Downing Street has defended Boris Johnson for riding his bicycle seven miles from home, saying he complied with Covid rules during his trip.
Labour accused the prime minister of having double standards, after it was reported he had been spotted in the saddle at east London's Olympic Park.
Government guidance says daily outdoor exercise is allowed but people should not travel outside their local area.
The PM's spokesman said any suggestion he had broken the rules was "wrong".
But he did not confirm whether Mr Johnson had been driven to the Olympic Park from Downing Street or cycled there.
Metropolitan Police Commissioner Dame Cressida Dick told BBC Radio 4's Today programme the trip had not been "against the law - that's for sure".
People should go for exercise "from your front door and come back to your front door", she said, adding: "That's my view of local."
The prime minister's press secretary said the Commissioner's words were "wise".
"The instruction is to stay local and for her a reasonable interpretation was to exercise from their front door but for some people it's more complicated. Everyone needs to exercise their own judgement", she added.
The Evening Standard reported that the prime minister had been seen in the Olympic Park, with his security detail, on Sunday.
There's nothing in English lockdown law that says Boris Johnson shouldn't have pedalled around London's Olympic park on Sunday, seven miles from Downing Street.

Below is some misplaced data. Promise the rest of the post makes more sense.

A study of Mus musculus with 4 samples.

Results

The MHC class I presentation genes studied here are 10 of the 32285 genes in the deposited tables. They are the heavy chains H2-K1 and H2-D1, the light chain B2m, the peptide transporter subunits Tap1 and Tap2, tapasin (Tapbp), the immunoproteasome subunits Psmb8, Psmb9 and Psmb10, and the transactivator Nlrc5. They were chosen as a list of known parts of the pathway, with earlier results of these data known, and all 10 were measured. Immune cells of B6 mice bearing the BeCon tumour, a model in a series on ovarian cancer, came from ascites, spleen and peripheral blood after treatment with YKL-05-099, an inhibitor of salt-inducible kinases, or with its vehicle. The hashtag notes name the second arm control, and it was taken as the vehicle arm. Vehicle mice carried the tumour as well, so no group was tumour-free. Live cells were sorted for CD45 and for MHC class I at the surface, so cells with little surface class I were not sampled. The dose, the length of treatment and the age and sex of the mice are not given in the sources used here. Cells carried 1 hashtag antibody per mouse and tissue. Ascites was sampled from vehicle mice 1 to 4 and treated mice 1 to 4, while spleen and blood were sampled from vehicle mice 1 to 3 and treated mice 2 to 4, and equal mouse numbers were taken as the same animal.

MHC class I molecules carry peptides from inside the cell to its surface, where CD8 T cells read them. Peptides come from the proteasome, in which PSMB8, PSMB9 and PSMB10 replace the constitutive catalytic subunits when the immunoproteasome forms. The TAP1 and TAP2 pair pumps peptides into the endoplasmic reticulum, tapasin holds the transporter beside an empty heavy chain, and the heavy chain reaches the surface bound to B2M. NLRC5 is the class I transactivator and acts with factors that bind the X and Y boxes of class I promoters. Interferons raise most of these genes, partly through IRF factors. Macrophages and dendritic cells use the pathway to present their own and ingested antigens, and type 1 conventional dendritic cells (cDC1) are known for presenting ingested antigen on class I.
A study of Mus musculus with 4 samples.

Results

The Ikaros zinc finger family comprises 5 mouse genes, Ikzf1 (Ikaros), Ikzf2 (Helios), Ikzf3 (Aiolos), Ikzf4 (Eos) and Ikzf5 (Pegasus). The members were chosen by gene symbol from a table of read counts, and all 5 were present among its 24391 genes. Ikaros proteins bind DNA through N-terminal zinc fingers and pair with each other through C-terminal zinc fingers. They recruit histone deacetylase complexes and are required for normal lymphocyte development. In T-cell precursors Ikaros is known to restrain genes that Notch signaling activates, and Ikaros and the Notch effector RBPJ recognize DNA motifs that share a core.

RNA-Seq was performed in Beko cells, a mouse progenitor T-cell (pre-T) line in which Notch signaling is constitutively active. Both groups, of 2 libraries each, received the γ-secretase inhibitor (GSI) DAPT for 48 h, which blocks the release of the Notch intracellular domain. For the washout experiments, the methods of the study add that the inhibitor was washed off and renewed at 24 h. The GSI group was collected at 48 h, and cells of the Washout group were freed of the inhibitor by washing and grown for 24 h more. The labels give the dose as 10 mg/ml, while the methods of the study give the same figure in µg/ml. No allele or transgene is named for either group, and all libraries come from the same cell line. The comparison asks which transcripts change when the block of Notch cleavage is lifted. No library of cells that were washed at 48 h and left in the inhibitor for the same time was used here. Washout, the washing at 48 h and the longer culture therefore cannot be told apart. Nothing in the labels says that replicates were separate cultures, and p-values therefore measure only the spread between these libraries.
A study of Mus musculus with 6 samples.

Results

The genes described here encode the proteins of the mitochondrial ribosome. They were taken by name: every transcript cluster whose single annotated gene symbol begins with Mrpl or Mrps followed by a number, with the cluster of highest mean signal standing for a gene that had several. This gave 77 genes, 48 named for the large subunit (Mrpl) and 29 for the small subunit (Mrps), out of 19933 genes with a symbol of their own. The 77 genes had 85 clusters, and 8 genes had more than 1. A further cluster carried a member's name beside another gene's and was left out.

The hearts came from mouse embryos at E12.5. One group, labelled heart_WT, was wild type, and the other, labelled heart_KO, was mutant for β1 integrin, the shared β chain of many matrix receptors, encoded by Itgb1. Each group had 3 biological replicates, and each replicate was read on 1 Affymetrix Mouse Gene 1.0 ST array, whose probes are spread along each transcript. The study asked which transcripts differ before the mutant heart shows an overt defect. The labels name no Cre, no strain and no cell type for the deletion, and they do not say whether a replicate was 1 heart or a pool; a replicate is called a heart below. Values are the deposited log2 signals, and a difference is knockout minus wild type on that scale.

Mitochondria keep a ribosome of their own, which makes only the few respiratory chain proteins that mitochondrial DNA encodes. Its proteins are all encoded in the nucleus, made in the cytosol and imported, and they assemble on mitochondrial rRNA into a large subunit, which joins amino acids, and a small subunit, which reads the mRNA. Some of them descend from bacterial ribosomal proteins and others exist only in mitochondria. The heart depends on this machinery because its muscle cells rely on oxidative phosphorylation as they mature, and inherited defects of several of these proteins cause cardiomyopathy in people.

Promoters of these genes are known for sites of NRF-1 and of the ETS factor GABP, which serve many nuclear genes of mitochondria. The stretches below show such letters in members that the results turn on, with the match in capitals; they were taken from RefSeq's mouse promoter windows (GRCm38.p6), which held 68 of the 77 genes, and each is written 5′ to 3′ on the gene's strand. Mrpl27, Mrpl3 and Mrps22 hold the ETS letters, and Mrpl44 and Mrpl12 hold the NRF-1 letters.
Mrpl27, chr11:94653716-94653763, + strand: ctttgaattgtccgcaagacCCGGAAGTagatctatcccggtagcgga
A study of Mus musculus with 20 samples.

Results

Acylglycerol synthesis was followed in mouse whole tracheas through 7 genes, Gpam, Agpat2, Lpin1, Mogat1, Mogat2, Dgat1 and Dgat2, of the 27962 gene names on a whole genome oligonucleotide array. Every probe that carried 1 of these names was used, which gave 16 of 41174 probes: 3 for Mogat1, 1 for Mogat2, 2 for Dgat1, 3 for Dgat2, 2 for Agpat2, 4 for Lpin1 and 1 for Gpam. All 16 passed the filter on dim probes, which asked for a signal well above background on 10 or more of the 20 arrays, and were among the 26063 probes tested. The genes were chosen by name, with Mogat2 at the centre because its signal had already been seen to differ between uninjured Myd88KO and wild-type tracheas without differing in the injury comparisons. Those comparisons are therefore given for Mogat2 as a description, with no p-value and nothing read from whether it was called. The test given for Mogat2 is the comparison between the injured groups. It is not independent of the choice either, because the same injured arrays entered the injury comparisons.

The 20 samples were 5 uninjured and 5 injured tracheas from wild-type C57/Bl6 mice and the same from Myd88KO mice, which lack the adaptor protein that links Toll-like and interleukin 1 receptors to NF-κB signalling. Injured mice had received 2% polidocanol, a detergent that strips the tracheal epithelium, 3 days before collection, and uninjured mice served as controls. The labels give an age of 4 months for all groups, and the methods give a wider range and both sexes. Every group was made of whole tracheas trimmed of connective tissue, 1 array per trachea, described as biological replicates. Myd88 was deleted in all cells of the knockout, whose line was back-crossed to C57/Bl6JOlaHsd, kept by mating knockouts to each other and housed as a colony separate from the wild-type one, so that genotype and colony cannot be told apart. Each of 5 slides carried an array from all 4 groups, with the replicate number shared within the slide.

But this comes at a time when the government is desperately pleading with people to take Covid-19 seriously and follow the rules.
In England that means leaving home only for essential work, shopping and exercise. The guidance also says "stay local" without defining how far people can roam.
Travel for exercise is allowed "a short distance within your area" to access an open space.
Number 10 will insist that's precisely what Mr Johnson did.
But his ride highlights the problem everyone faces trying to interpret rules, and relying on people using common sense.
The outing certainly doesn't help ministers straining to tell the public - in clear, consistent, easy-to-understand terms - to stay at home.
Andy Slaughter, Labour MP for Hammersmith, west London, criticised the prime minister for having a "do-as-I-say, not-as-I-do" attitude.
Speaking to Today, Policing Minister Kit Malthouse said: "What we are asking people to do is when they exercise to stay local.
"Now local is, obviously, open to interpretation, but people broadly know what local means.
"If you can get there under your own steam and you are not interacting with somebody... then that seems perfectly reasonable to me."
The PM's official spokesman added: "We have always trusted the public to exercise good judgement. We did throughout the first lockdown and continue to do so."
The issue of travelling for exercise was highlighted at the weekend after police in Derbyshire fined two women £200 after they drove five miles from home to take a walk - a penalty that was later dropped.
Government advice for England says people can leave home to exercise, but adds: "This should be limited to once per day, and you should not travel outside your local area."
The guidance adds: "Stay local means stay in the village, town, or part of the city where you live."
The government also states: "The law is what you must do; the guidance might be a mixture of what you must do and what you should do."
In Scotland, the advice is that exercise can be taken if it "starts and finishes at the same place, which can be up to five miles from the boundary of your local authority area".
In Wales, exercise also has to start from and finish at home. There no limits on distance travelled, although the advice is that "the nearer you stay to your home, the better".
People in Northern Ireland are advised not to go more than 10 miles from home when exercising.